Like all spring sports, the local Little League season has been put on hold while the community works its way through the current COVID-19 pandemic. Little League informed its member clubs that it will be opening things up on May 11,
Like all spring sports, the local Little League season has been put on hold while the community works its way through the current COVID-19 pandemic.
Little League informed its member clubs that it will be opening things up on May 11, however, there is still a level of uncertainty as the crisis develops each day.
As the leagues wait to hopefully receive some good news, they are making the most of the situation and assessing their options.
“[Opening Day] is tentatively set for May 11 and they have not given us any inclination as to whether or not it will be extended even further out or what their plans are. They want us to stay optimistic. They feel that at some point there is going to be a season, they just don’t know to what extent. Internally, we are acting as if there will be a season, going through our normal protocols. We’re assuring families that no matter what happens, there’s going to be a season,” Cranston Western President Steven Piscopiello said.
In the meantime, CWLL has also been discussing adjusted schedules, including revised dates for the annual summer All-Star tournament.
“We have options that we have discussed if the May 11 date happens,” Piscopiello said. “We have discussed playing half the season, taking a break for All-Stars, then going back and playing even more games than usual and making it a fall classic. The other option is having the full season in the fall. The weather is definitely better in the fall, it is much easier to stay cool than the summer is and to be warmer than April is. The third option is to have a tryout for All-Stars and have the All-Star season first, then have the rest of the kids practicing and getting ready to play in the fall.”
Piscopiello has been in touch with the league’s families throughout the crisis, and urges them to remain confident and have faith that the league will make things right by year’s end.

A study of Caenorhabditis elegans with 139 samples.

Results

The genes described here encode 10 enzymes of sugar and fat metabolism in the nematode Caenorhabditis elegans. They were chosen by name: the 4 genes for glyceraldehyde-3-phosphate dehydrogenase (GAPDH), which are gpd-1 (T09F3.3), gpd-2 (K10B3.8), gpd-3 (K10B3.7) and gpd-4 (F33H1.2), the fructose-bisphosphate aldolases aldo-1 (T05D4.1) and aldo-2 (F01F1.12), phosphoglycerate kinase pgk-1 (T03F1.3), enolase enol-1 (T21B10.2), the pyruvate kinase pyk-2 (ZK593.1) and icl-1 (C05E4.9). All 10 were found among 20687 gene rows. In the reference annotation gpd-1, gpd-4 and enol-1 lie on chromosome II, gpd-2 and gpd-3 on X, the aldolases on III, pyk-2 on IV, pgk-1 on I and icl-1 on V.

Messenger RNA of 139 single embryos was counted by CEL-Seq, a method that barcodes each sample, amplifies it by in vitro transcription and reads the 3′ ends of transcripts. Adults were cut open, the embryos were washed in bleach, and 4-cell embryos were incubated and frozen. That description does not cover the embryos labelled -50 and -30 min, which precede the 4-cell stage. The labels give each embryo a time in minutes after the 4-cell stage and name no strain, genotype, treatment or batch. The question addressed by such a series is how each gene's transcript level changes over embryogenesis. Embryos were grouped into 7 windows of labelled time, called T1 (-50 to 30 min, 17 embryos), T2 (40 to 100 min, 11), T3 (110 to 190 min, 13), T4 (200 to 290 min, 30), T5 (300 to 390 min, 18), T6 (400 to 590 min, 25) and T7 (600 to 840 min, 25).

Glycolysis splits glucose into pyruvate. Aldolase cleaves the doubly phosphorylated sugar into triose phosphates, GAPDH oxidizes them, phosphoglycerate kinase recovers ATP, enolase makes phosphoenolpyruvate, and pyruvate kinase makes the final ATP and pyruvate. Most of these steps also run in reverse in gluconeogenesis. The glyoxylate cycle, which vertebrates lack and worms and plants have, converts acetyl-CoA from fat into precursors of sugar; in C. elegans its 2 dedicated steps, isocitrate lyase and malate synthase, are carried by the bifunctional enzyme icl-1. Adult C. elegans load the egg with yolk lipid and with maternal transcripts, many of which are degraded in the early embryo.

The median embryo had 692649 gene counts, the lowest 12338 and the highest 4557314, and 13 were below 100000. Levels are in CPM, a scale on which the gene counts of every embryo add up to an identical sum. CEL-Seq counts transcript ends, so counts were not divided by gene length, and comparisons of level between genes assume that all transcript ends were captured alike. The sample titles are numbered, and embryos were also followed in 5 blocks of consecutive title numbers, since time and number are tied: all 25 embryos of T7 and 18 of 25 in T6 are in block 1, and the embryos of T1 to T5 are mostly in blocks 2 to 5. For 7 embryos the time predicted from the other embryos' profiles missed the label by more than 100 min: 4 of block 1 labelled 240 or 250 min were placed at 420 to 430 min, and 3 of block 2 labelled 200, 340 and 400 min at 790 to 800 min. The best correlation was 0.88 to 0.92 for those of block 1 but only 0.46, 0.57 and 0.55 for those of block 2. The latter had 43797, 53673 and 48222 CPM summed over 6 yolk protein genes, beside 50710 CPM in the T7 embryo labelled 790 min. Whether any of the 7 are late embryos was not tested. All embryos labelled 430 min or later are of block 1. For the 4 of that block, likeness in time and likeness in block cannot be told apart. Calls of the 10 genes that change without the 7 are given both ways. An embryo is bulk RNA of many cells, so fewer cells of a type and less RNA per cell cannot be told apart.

“The biggest thing, and we’ve been trying to get this message out, we will not let these kids not have a season,” Piscopiello said. “Our whole objective will be to make sure they have one. Little League comes once in a lifetime. For these 12-year-olds especially, to miss their final season would be heartbreaking, the same way that it is going to be for high schoolers. We are going to make sure that they have some type of a season.”
Warwick North has been preparing for the season as well and has been business as usual despite the delayed start.
“We’re just trying to get our ducks in a row. We’ve been trying to maintain the fields, we were able to have our majors draft but the announcement came out on the day of our minors draft, so we had to postpone that. We are staying the course, for the majors teams, we are ordering uniforms. Our managers are keeping in touch with teams, developing videos for kids to do drills at home. Basic stuff like that. Things like throwing the ball on the roof and tracking where it lands, hitting,” said new Warwick North President Sean Wiggins.
Although the league has been excited to keep the kids busy with home workouts, Wiggins has also been asking families to be smart and obey the restrictions placed by the league.
“I’m hopeful, but we are following the Little League instructions. We are not having team meetings, not letting anyone on the fields, and we have been telling families to abide by those guidelines. If parents want to practice with their kids in their backyards, that’s great, we encourage that, but we have guidelines to follow. But we have hope, and that’s the biggest thing, hope. We need parents to be hopeful, we all want our kids to be outside, play and be active. We know that our season will not look like normal years, but we need to look at possible variations of that,” Wiggins said.
Despite the uncertainty, Wiggins has been happy to see his league’s families keep an open mind and continue to have a positive outlook during this tough time.
“Our community has been incredibly optimistic, especially the kids, they want to play,” Wiggins said. “Of course, we have had some concerns from some of our parents, but all in all, the idea is to open things late spring, early summer. Our parents want their kids to be active, and that’s been the philosophy. Everyone is scared with what is happening here, and I’m thankful for our governor and what she’s been doing to protect the kids while keeping them engaged. The overall climate for our league is that we’re hopefully optimistic.”
Johnston Little League President Ed Bedrosian has also encouraged parents to remain patient while the league takes things day by day and establishes a plan of action moving forward.
“Right now we can’t do anything which has been tough, everything has been put on hold. We have had some concerned parents, some have been asking about refunds, but we have been telling them to hang in there,” Bedrosian said. “I sent out an email [a few] days ago telling parents that I will do my best, and if the season gets going in May or June, we are going to try to salvage it. Even if kids do not want to play in the summer, we can give parents a refund, but we are looking to have at least five or six teams fielded so we can give the kids a season. We don’t know what’s going to happen at this point, but we’re going to do whatever we can.”